According to Merriam-Webster, the first known use of the term “racism” was in 1933, but the practice of racism was well learned by that time. In the United States, slaves were brought to this land by Europeans who thought that the skin color and customs of the African captives made them less than equal to the “civilized” White settlers. That belief system permeated the treatment of Blacks in this country for hundreds of years, and in many ways, has yet to cease. The term is defined by Merriam-Webster as, “a belief that racial differences produce an inherent superiority of a particular race.” There are some, me included, that believe that power is part of the true definition of racism – combining prejudice with the power to act on that prejudice results in racism.


The truth of the matter is, racism permeates most things done in this society, from the content of our television shows and blockbuster movies to who receives corporate promotions to the way we police our communities to where we live to who we hire to how we treat our customers to what we sell our consumers to how we educate our children.

We see racism in every facet of life. Sometimes it’s intentional and there are times it may legitimately be unintentional, but the greatest disservice we do to ourselves as a nation is to pretend it doesn’t even exist.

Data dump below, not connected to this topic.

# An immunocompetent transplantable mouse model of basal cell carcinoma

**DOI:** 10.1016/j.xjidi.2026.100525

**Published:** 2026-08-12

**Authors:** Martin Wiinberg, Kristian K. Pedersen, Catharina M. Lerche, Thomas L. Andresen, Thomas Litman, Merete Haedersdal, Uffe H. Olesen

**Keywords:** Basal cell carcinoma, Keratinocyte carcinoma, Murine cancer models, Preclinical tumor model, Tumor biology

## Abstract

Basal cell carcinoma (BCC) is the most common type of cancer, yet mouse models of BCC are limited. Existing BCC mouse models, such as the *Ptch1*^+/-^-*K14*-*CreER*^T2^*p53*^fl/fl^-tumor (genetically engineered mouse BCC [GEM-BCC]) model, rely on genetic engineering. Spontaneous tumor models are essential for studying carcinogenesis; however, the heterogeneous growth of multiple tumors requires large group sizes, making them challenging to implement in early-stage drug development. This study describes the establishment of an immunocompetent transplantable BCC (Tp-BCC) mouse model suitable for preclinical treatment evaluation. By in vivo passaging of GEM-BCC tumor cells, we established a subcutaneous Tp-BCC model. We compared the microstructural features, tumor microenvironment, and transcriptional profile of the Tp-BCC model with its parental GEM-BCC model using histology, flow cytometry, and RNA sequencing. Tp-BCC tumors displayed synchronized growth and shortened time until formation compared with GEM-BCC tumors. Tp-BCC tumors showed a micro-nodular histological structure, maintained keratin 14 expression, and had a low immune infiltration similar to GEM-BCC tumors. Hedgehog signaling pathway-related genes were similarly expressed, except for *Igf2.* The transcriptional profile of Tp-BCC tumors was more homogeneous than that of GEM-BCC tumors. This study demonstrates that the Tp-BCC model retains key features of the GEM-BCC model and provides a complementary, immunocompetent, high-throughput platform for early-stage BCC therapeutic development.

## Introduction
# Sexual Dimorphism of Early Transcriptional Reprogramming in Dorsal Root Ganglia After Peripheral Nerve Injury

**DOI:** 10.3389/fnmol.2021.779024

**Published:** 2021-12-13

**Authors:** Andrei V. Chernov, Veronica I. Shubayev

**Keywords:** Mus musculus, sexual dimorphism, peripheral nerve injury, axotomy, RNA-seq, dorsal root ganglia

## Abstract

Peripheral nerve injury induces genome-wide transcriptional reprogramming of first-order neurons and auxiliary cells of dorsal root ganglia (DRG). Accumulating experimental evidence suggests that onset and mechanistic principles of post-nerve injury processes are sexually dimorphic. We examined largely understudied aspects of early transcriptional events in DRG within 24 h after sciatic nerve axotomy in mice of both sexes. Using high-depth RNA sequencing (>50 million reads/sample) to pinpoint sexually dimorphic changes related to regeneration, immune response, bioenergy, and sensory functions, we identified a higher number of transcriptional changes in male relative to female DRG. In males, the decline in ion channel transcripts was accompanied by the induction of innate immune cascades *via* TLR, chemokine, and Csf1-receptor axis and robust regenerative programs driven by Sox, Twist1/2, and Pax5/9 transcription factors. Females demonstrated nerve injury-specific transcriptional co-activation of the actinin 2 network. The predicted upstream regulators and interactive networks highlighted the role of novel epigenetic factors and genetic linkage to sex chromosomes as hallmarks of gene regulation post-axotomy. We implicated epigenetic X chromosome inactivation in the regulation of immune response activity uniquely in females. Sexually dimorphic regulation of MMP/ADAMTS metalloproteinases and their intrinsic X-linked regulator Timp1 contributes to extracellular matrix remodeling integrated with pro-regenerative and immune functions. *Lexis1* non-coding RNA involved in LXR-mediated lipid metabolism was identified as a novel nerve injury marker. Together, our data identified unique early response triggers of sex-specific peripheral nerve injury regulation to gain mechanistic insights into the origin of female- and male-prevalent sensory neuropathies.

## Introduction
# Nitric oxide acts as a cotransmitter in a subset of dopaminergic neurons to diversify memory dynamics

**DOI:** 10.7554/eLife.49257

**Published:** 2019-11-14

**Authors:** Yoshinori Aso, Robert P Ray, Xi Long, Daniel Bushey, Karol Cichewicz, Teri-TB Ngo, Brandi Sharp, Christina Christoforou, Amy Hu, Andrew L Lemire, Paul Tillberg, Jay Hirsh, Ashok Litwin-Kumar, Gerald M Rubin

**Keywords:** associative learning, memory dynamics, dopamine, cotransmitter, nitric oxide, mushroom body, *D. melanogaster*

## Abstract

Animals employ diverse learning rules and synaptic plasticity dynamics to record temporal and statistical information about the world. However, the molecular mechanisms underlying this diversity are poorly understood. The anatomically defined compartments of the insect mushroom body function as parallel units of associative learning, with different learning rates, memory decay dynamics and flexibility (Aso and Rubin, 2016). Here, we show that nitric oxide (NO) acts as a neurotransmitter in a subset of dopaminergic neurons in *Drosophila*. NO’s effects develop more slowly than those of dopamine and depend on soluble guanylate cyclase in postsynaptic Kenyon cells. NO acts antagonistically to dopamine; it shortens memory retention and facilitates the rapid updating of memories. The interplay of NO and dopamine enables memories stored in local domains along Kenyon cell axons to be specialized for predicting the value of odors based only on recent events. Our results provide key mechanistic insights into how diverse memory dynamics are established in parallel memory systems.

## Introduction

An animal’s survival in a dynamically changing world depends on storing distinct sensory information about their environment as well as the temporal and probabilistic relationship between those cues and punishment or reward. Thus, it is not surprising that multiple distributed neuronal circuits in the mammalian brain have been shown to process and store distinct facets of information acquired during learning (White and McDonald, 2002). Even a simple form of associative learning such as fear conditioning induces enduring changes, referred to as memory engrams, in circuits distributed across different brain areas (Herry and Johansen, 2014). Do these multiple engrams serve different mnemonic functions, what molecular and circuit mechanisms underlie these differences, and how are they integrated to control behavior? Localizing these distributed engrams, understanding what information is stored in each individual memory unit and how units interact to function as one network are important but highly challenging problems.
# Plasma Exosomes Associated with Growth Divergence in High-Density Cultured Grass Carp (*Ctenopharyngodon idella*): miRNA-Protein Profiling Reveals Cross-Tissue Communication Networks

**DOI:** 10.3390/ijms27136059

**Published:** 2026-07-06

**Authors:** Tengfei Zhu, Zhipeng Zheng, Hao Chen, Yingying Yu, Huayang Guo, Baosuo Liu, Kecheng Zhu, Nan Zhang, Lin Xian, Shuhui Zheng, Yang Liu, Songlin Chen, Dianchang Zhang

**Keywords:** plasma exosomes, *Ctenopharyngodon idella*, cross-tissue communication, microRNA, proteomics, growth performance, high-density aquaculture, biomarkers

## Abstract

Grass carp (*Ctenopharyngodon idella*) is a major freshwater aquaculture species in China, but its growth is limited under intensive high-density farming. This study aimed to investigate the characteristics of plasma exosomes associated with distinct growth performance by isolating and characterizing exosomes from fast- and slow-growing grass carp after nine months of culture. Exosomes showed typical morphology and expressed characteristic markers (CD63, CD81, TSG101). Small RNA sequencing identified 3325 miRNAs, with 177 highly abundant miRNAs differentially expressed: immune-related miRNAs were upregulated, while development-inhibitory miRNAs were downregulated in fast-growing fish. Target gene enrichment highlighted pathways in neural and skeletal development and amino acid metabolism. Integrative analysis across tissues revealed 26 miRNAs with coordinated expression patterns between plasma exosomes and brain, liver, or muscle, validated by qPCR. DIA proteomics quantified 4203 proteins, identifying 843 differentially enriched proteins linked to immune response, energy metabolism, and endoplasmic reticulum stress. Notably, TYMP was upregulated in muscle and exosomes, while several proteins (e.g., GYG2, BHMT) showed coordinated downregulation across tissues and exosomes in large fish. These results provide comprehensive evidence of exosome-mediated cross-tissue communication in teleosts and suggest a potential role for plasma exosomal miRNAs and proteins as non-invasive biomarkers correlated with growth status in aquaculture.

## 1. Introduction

We live in a world where even when something or someone is legitimately racist, we have trouble identifying it. Racism has become so nuanced, that even the racist person believes that their racism doesn’t exist. So when Michael Brown gets shot 10 times walking down the street, even though his hands were up, we struggle to say if it was racism. When Marlene Pinnock gets brutalized by a White highway patrol officer or when Trayvon Martin is followed home and turns up dead after a struggle with the shooter, some struggle to say that it was racism.

The problem with racism is that the perpetrators say that they aren’t racist. But the power part of the definition will always allow them to define the terms – until we tap in to our own power.

We cannot be afraid to call out racism when we see it. It exists and every day, someone in some place across this nation is experiencing it, feeling like they are alone and not knowing how to deal with it. The worst thing we can do is to pretend right along with those who don’t want to admit that racism exists. We must speak truth to power and begin to create the equality that we’ve been striving for.